I attended three international auto shows in January.

The first was in Las Vegas.  It wasn’t billed as an auto show – it was the Consumer Electronics show – but in recent years, this one in particular, it was readily apparent that one of the hottest consumer electronics topics is the automobile.

Specifically, electrified, connected and shared automobiles.

Established automakers, such as Toyota, Volkswagen, and Hyundai, were joined by new entrants such as Byton, in displaying and demonstrating new concepts for personal and commercial transportation.  For  years we’ve been talking about convergence – about how cars are going to be much more than cars – and CES this year proved it.

One week later, the automotive world converged on Detroit for an auto show that was billed as an auto show.  In Detroit, we saw even more of the automobile’s future.

And then in was on to Montreal, for the latest round of negotiations over modernizing the North American Free Trade Agreement with Mexico and Canada.

I’ve noticed, with dismay, that a fair number of policymakers in the U.S. treat NAFTA as if it’s a simple math problem:  all we need to do is find the right formula for dividing up between Mexico, Canada and the U.S. the amount of steel, aluminum, rubber, plastic, chemicals and chips that go into cars and trucks made in North America.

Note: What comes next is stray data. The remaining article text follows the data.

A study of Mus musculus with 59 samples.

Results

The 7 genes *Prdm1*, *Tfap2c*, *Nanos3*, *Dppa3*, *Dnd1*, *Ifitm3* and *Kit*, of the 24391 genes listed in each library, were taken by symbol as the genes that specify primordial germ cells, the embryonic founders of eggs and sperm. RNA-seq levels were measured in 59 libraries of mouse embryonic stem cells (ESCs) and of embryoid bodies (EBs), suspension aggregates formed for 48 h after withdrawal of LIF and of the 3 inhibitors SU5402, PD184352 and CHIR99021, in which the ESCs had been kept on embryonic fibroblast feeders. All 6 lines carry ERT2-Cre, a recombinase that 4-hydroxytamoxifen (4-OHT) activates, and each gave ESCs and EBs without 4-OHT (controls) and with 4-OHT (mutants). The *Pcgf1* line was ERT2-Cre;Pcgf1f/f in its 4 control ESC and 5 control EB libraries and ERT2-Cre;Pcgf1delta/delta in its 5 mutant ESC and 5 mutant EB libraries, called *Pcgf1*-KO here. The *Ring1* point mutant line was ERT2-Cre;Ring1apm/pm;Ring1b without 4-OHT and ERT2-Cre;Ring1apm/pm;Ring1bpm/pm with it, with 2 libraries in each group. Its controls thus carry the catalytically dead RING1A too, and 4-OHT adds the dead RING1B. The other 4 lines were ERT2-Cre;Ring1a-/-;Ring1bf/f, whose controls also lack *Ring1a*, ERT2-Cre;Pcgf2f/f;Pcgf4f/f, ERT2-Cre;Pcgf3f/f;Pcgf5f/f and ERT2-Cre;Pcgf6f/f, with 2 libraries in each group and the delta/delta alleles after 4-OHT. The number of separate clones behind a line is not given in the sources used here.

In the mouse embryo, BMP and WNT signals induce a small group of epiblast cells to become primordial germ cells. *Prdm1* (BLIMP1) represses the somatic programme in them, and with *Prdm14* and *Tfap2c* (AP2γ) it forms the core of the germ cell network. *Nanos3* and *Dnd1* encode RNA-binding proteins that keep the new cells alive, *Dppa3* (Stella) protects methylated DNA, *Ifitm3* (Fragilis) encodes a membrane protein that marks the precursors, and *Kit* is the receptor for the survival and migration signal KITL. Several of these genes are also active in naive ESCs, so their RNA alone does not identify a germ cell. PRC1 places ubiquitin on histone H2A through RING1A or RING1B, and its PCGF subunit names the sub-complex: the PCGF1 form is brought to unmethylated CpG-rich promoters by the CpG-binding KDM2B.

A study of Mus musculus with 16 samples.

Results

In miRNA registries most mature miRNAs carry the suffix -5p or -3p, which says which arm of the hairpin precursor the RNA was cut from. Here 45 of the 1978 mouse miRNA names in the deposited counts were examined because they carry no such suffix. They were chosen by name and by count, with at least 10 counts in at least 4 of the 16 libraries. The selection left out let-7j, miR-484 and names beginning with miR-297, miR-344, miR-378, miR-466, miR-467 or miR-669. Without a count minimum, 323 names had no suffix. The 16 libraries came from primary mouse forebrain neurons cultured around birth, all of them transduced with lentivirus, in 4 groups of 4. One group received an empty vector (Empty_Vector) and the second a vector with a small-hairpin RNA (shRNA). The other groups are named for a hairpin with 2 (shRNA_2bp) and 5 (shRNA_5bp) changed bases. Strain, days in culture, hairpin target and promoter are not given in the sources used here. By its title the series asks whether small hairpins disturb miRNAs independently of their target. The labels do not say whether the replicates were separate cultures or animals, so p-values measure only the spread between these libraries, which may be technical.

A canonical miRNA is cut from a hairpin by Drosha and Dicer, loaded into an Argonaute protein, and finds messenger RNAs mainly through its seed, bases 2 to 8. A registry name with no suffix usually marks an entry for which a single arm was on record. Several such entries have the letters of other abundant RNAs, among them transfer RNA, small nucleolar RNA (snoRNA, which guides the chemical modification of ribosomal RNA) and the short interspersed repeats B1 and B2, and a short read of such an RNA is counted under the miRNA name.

That might work if the NAFTA region were its own hermetically sealed environment – if it were somewhat like the slogan for Las Vegas, where what’s built in NAFTA stays in NAFTA.  But that’s clearly not the case.  Auto trade is global.

The NAFTA countries export vehicles all over the world, as well as import them.

The key point is this:  While demand for these vehicles will be everywhere – China, India, Europe, Japan, the U.S. – they can be built anywhere.   Right now, most of the vehicles Americans buy are built in the United States and throughout North America.  That’s why the United States has been winning under NAFTA.  

And that’s really what the NAFTA negotiations are about:  who’s going to build the vehicles of the future, and how we can get the trading rules right so that North America remains an auto manufacturing powerhouse.

I saw the transformation sweeping through the auto industry in Las Vegas, Detroit and Montreal.  All of the sexy and exciting things happening on the tech side will ultimately filter through the policy side in Washington.   And that policy filter can encourage American automotive progress, or it can stifle innovation, putting industry competitiveness and growth at risk.  Whether we’re talking about NAFTA, legislation now moving through Congress to accelerate the safety benefits from automated vehicles or a new infrastructure bill, there is a lot at stake as the year plays out.  We need to get these policies right, or we risk the jobs and promise of these extraordinary technologies and the innovation they bring.